The following is an excerpt from Christian Ethics and the Church, by Philip Turner.
As long as history lasts, the churches will have to defend their borders against hostile incursion. As part of that defense, they will also be called upon to remind political authority that most of life rightly takes place beyond the reach of its controlling arm.
It is the belief of Christians that people are created as social beings and that their destiny is to live as social beings. It is also part of their belief that the providential role of political authority is limited. People flourish as human beings by taking part in the various forms of communication and exchange that compose a common good. Within God’s providence, political authority is charged with regulating these systems in a way that, as O’Donovan writes, preserves the public freedoms that create the space in which individuals can exercise their innate freedom to think and act.
Individual freedom is a part of the social air people breathe as they go about the business of living. It does not depend upon political authority for its existence. Indeed, when political authority extends its reach into the spheres that properly belong to individual freedoms, it exceeds its boundaries. It does so either by exerting authority to crush freedom or by using authority in a pretentious way to take charge of human betterment.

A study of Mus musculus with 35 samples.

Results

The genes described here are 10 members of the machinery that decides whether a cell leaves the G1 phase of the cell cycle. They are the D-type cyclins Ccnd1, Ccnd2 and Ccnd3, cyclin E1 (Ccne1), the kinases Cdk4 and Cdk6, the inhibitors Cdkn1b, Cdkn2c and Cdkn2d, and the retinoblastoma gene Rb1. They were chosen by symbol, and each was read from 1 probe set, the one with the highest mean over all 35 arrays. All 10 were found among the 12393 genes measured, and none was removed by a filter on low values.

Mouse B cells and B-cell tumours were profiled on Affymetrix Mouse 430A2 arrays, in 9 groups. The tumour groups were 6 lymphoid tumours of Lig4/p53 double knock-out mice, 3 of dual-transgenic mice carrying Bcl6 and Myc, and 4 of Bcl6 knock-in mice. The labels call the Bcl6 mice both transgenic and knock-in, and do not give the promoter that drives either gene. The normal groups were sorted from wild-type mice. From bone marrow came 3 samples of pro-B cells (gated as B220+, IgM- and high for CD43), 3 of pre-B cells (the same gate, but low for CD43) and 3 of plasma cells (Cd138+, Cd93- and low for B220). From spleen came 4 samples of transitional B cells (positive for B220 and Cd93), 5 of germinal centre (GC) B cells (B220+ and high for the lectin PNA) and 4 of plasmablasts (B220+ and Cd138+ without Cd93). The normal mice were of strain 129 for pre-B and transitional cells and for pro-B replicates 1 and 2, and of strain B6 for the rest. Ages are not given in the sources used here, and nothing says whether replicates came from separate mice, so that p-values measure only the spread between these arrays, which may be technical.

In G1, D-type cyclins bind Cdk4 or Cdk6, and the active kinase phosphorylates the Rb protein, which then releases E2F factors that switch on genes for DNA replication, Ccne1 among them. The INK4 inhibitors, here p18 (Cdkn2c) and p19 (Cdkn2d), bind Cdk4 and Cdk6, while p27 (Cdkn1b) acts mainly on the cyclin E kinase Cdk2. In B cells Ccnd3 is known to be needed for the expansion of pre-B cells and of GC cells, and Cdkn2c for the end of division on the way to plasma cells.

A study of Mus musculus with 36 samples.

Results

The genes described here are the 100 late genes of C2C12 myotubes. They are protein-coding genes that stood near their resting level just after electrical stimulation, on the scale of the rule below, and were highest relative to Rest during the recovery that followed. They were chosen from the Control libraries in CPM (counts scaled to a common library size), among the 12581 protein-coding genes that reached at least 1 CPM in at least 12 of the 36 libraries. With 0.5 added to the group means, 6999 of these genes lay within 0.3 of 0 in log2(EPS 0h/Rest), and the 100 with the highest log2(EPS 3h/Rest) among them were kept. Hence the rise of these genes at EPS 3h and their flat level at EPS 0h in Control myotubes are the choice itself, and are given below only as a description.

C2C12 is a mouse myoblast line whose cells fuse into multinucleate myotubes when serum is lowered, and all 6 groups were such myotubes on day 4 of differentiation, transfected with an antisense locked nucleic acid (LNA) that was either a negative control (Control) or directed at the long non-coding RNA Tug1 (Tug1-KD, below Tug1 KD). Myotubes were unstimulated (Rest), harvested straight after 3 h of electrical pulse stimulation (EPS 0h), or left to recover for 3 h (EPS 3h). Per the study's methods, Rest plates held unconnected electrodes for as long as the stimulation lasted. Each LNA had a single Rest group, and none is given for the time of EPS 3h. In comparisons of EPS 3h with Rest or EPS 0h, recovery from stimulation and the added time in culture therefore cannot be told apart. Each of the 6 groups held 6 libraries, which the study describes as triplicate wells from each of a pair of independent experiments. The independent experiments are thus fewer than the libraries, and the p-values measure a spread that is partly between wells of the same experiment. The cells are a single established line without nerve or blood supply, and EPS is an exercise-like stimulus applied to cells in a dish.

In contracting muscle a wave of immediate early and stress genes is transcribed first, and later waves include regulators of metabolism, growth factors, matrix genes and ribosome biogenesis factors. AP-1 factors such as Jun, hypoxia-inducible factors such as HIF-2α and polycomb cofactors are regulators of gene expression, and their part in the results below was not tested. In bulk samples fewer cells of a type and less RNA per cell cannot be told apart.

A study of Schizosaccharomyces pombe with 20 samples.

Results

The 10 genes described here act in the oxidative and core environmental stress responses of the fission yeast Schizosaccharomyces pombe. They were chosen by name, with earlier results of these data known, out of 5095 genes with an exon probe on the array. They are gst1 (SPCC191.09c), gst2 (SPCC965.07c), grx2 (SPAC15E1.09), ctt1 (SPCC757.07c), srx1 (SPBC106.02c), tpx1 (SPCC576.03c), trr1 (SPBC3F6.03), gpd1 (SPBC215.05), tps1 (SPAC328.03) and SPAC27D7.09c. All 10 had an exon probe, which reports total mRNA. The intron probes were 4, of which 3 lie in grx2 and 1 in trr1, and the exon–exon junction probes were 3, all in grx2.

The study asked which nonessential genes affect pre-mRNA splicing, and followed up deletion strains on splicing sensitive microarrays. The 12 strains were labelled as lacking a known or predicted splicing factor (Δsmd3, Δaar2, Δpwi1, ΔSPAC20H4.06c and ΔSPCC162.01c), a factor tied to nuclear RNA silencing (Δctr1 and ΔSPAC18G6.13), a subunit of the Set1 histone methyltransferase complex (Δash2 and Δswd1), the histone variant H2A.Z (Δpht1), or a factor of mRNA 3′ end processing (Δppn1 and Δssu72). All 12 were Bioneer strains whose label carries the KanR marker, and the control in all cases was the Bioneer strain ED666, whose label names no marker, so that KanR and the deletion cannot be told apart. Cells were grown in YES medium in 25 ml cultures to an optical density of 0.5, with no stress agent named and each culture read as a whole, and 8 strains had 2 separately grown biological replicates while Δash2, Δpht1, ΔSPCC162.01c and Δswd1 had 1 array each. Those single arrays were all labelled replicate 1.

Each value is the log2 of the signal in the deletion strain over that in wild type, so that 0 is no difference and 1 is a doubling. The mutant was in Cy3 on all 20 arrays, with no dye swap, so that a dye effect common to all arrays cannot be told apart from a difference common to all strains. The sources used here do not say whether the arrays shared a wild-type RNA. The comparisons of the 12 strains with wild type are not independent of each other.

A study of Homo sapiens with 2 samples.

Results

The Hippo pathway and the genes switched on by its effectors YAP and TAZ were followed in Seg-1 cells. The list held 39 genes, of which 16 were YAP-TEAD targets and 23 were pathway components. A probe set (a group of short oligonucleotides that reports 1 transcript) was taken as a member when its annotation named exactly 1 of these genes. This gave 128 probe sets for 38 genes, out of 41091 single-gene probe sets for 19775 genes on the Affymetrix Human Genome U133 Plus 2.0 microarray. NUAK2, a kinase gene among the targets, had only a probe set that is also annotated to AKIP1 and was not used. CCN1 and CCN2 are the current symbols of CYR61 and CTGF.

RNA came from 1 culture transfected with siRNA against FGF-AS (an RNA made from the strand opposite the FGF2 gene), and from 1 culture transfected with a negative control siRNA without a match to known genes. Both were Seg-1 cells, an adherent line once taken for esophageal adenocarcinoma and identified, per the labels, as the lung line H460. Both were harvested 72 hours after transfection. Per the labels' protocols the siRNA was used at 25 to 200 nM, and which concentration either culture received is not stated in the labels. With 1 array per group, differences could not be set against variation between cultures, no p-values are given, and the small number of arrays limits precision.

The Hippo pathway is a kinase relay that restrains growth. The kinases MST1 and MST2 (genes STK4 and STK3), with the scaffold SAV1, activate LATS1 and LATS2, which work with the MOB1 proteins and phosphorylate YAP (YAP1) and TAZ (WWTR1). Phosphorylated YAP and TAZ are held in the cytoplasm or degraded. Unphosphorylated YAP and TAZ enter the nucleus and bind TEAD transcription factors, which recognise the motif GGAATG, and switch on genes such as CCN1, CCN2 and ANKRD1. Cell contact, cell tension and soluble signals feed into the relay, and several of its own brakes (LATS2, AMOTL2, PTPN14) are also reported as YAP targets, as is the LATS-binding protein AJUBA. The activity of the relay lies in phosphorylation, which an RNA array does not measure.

Political authority functions within its proper limits when it provides a framework in which people and social organizations can go about their daily business. Within this framework, the job of political authority is not to become the architect of public good. Its job is more reactive than constructive. Its work is to make right what injures public good. It exceeds its proper limits when it seeks to create an ideal social order or when it attempts on a smaller scale to make people better. O’Donovan terms this limitation on political authority as “the reactive principle.” As he says, it is a principle that “supposes that harmony is not a design conceived in a ruler’s head, but a nexus of social communications that exist and flourish antecedently.”
He rightly points out that this view of political authority in no way implies minimal government. Defense against injury of one sort or another can in fact lead to extensive governmental responsibility. Further, overly restrictive limitation of these responsibilities and powers can in its own way prove just as harmful as overextension. In carrying out its appointed role, political authority is to be reactive rather than invasive or architectonic. This reactive view of political authority is rooted in Christian anthropology and in Christian views of the providential role of governance.
Human beings are social, one wants to say, “all the way down.” They rightly look to political authority not for the perfection of their lives but for an ordered space in which they can pursue their lives in ways that benefit both themselves and the societies of which they are a part.
©2015 by Philip Turner. Published by Baker Academic. Unauthorized use of this material without express written permission is strictly prohibited.